Changes in the observed bird abundance in a modified forest at Kowhai Bush, Kaikoura
|Title||Changes in the observed bird abundance in a modified forest at Kowhai Bush, Kaikoura|
|Publication Type||Journal Article|
|Year of Publication||2011|
|Type of Article||Article|
|Keywords||5-minute bird counts, bird abundance, Kaikoura, Kowhai Bush, point counts|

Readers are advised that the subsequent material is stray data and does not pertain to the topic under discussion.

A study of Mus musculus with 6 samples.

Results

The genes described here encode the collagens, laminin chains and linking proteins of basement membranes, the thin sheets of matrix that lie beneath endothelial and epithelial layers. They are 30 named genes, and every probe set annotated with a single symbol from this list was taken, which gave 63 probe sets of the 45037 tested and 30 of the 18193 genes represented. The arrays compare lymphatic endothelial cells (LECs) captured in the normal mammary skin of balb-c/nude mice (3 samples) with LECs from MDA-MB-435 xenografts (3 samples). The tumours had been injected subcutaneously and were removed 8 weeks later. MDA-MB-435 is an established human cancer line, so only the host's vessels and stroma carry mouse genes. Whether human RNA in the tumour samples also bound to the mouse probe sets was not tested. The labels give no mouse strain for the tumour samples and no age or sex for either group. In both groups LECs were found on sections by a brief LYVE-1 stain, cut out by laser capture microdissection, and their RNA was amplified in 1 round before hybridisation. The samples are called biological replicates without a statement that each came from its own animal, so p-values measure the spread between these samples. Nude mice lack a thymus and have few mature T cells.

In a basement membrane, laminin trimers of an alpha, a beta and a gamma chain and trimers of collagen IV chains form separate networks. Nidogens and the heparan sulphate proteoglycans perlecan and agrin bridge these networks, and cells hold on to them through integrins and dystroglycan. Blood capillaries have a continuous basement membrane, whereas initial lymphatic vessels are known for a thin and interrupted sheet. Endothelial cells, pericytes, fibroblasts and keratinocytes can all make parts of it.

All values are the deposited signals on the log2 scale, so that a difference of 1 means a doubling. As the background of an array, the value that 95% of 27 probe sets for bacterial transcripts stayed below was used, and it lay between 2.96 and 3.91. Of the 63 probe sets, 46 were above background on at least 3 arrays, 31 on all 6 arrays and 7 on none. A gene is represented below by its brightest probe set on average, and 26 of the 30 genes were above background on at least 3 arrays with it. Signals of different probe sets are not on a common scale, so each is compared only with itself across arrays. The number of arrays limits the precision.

Kowhai Bush in the Kaikoura region represents an important wildlife reserve for some native forest bird species. It is home of 1 of the few populations of brown creepers (Mohua novaeseelandiae) and South Island robins (Petroica australis) in lowland forest in the Canterbury region. Here, I present results from 275 five-minute point counts that were conducted at Kowhai Bush from October until December from 1999 to 2001. I compare these data with those collected by Gill (1980) in the same months of 1976 at similar sites. These comparisons reveal that the observed abundance and composition of the species at Kowhai bush has changed between 1976 and 1999-2001. Overall, there was a decline in bird abundance between 1976 and 1999-2001 and there was a significant difference in bird abundance between the 2 habitats in which counts were undertaken at Kowhai Bush. At a species level, there were dramatic declines (>50%) in the observed abundances of brown creepers and South Island robins whilst blackbirds (Turdus merula), redpolls (Carduelis flamea), and European goldfinches (C. carduelis) had more modest, but still significant declines. These declines were offset somewhat by large increases (>50%) in the observed abundances of silvereyes (Zosterops lateralis), and song thrushes (Turdus philomelos) and significant increases in the observed abundances of bellbirds (Anthornis melanura) and chaffinches (Fringilla coelebs). I discuss a number of factors that might be responsible for these changes.